Giuseppe Verdi


Grand opera in four acts
Libretto: Joseph Méry and Camille du Locle
Based on the dramatic play DON CARLOS, INFANT VON SPANIEN by Friedrich Schiller
Premiere: March 11, 1867, Salle Le Peletie, Paris (version in 5 acts)
January 10, 1884, Teatro alla Scala, Milan (version in 4 acts)
Premiere in Georgia: 24 January, 1869, Tbilisi “Caravansarai” Opera Theatre  
Conductor: Zaza Azmaiparashvili

Director: Cesare Lievi
Set and Costume Designer: Maurizio Balo
Production of Teatro Regio di Parma, 2018
Artistic Director: Badri Maisuradze



Act 1

Don Carlo, Infant of Spain, is thinking about Elizabeth whom he loves and had wanted to marry, but for reasons of state is now the wife of his father, King Philip II. Don Carlo confides his thoughts with Rodrigo, the Marquis of Posa, who urges him to devote his energies instead to defending the oppressed Flemish people.

Princess Eboli and other ladies-in-waiting are passing their time singing. Their joy ends when the Queen, Elizabeth arrives unable to hide her sorrow. Rodrigo convinces the queen to receive Don Carlo, who tells her how the Flemish are suffering, but his passion gets the better hand of him. Elizabeth tries to calm him down, but cannot hide her own love to him. Later, Rodrigo is in private audience with the king, he warns him to reign with less severity. Philip is impressed by Rodrigo’s sincerity, but is mainly concerned that there might be something between the queen and his son, and so asks Rodrigo to watch them carefully.


Act 2

Princess Eboli believes that Don Carlo is in love with her and so invites him to an evening teyst using an anonymous message. Don Carlo keeps the appointment, thinking that the message is from the queen. When Princess Eboli discovers the misunderstanding, her pride is wounded and so she plans revenge.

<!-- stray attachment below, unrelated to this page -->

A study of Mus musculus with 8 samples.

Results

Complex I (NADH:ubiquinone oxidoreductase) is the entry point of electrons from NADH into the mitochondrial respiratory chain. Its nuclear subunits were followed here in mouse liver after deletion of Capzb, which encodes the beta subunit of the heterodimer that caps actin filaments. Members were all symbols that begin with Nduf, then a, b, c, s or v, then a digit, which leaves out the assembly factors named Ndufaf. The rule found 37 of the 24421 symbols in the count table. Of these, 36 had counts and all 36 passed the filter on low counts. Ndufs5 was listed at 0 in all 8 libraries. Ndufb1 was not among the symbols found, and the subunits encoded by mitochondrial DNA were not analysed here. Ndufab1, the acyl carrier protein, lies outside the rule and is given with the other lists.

Don Carlo makes a stand for the freedom of the Flemish when a few convicts are sent to be burnt at the stake. Philip refuses to listen to his son. Don Carlo loses his temper with his father and draws his sword, but is quickly disarmed by Rodrigo.


Act 3

At night in his room, Philip is deep in thought: Elizabeth does not love him. If he decides to have Don Carlo killed, the Grand Inquisitor would be willing to pardon him. However, his son’s “crime” is a minor offence, compared to the bold aspirations of freedom for the Flemish expressed to Rodrigo: it is he who must die. Elizabeth arrives: someone has stolen her jewelry casket. The king has it and orders it to be opened: inside is a portrait of Don Carlo. Accused of adultery, the queen faints. Princess Eboli catches her, nut is herself in shock: she was responsible for handing the casket to the king. She confesses this to the queen who, horrified, orders her to leave the court.

Don Carlo is in prison. Rodrigo joins him, having finally understood that he is to be the victim. He is shot by an assassin and dies. Don Carlo is then freed by his father, but makes his contempt for the king public.


Act 4.

Don Carlo has decided to leave for Flanders. He bids a final farewell to Elizabeth in the cloister, but is surprised by the king, who orders the Grand Inquisitor to kill him. A monk appears from the shadows of the cloister at this point: it is Charles V, who grabs Don Carlo by the hand and, to the surprise of all, pulls him into the cloister.